Sunday, October 17, 2021

There’s No Good Answer to the 737 MAX Disaster

A grand jury faults one executive’s serious error of omission, but the larger mystery is unsolved.

The Wall Street Journal 
By Holman W. Jenkins, Jr.
Appeared in the October 16, 2021, print edition.

With the indictment of a former Boeing employee in the two 737 MAX crashes that killed 346, have we finally got to the bottom of a colossal industrial screwup? No. As persuasive as the indictment might be, it doesn’t try to persuade that the crashes were caused by Mark Forkner, who served as chief technical pilot for the 737 MAX.

The allegation: Mr. Forkner at first inadvertently misled federal aircraft certifiers about the function of a new software system in the MAX known as MCAS, or Maneuvering Characteristics Augmentation System. A year later, on belatedly discovering that Boeing engineers had altered the system, he failed to inform the Federal Aviation Administration as the plane approached certification despite many opportunities to do so.

Mr. Forkner understood, as his emails at the time showed, that on this question turned tens of millions of dollars in additional training expense for airlines that would have cut into what Boeing could charge for the planes. Though the indictment doesn’t say so, the FAA likely would have required more training, which in turn might have helped pilots in the Lion Air crash in Indonesia in October 2018, and a similar disaster involving Ethiopian Airlines a few months later, to cope with the system’s unexpected misbehavior.

If the government can’t say (and it can’t) this really would have prevented either crash, I find it easy to suggest what might have: In the course of designing the required training, it’s hard to believe Boeing wouldn’t have discovered MCAS’s nasty potential and simply fixed it.

Even with the new indictment in hand, as boggling as ever is how engineers at Boeing could have significantly changed MCAS without a cascade of high-priority emails raining down through the organization, calling forth an effort to examine and understand the implications for every conceivable failure scenario, including the failure of pitch indicators vulnerably located on the plane’s exterior.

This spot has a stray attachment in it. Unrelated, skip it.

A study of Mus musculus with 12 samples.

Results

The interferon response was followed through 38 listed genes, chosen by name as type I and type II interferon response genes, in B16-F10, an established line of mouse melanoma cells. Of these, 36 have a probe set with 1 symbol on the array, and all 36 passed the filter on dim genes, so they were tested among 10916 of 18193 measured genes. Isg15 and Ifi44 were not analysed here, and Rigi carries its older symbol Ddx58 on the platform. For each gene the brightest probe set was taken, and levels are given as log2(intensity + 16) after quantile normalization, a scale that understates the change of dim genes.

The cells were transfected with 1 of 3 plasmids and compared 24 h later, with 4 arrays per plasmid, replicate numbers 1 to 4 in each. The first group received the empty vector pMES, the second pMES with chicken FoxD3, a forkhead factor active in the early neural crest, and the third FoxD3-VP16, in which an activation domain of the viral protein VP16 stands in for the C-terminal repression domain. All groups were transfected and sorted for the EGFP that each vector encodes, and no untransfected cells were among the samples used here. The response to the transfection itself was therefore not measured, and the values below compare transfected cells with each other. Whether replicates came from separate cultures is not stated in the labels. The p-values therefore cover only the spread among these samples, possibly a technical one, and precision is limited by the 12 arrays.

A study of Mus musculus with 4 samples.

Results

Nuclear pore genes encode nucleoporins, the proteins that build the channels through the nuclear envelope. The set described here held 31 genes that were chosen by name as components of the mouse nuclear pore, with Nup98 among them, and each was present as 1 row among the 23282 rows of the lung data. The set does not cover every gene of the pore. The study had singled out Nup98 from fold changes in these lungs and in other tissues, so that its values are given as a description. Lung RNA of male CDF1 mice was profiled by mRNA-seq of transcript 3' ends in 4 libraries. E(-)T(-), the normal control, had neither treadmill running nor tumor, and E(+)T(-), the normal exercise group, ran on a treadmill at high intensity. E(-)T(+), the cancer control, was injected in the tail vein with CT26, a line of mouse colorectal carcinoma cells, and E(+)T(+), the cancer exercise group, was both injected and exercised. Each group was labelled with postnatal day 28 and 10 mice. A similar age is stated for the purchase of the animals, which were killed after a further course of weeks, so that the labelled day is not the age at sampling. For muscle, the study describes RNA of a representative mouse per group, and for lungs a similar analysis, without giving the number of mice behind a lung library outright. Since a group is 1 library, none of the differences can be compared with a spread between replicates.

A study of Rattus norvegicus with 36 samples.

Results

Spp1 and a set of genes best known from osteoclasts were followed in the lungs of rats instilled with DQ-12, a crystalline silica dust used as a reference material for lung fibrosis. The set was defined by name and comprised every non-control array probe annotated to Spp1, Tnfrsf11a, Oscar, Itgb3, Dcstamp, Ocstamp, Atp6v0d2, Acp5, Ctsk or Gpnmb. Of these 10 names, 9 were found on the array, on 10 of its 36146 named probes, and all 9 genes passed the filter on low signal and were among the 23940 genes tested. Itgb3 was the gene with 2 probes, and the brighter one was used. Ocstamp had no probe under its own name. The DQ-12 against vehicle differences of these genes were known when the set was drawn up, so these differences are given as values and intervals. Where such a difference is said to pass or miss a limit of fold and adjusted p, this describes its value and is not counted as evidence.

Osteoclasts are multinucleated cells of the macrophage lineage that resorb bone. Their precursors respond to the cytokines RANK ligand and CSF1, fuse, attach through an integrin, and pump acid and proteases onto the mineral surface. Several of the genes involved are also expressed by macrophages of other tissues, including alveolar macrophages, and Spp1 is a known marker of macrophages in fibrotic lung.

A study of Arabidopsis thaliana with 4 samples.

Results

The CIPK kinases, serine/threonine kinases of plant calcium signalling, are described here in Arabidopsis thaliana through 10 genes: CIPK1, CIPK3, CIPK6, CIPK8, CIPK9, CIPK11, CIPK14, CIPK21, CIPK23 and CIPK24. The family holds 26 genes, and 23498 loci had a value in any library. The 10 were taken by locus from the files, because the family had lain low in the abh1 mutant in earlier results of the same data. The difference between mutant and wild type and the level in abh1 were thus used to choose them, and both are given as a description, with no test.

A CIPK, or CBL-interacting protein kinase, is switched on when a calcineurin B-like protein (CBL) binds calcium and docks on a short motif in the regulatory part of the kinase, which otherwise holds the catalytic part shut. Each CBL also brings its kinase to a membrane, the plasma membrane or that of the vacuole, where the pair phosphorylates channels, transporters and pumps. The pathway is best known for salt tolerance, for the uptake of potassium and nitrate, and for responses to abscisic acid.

Mr. Forkner, who was expected to appear in court on Friday, was instrumental in negotiating for the plane’s certification with the FAA. He worked closely with the customers who would have to operate it. Yet he didn’t learn about the change until he stumbled on it during a simulator session.

MCAS had been designed to counter the tendency of the plane’s nose to rise in a maneuver that would never be experienced in normal operations, a high-speed, ever-tightening turn that would cause pandemonium in the passenger cabin if it were tried during a commercial flight. Mr. Forkner discovered only in the simulator, and then by contacting a Boeing engineer, that the system had been belatedly altered to intervene even during low-speed maneuvers.

Nothing in the indictment suggests that, in a flash of insight, he realized how badly things might go if MCAS, in response to a faulty pitch reading, began persistently trying to push the nose toward the ground after takeoff. Neither does the indictment explain why Boeing’s routine processes didn’t uncover this risk, which should never have depended on Mr. Forkner.

Mr. Forkner’s failure was a failure to blow a perfunctory whistle, and surely something would have happened had he alerted the FAA, though we can’t know what. The FAA’s job is not to design the plane or substitute for Boeing in understanding all the implications of every design choice.

Perhaps getting us closer to the real problem, Mr. Forkner, in one of his MCAS-related emails, refers to a system “designed by clowns, who in turn are supervised by monkeys.” Zoologically, he’s off-base. Engineers at Boeing presumably were acting in good faith when they changed MCAS for whatever narrow reason motivated them. The mystery is why the organization let the change flow through without examining every likely and unlikely effect, especially because Boeing had every reason to know the MAX would be flown by pilots in every corner of the globe who are not always splendidly trained or highly experienced or working for world-class carriers.

Wafting through this story is a certain vague intimation. Some in Boeing saw their products as an agglomeration of systems whose saving grace was their built-in redundancy, on top of which was the final redundancy of an alert and skilled crew. But this still doesn’t explain the process failures that left MCAS’s risks undiscovered. In all the reporting and all the official investigations so far, nobody has yet given a good explanation of how this happened.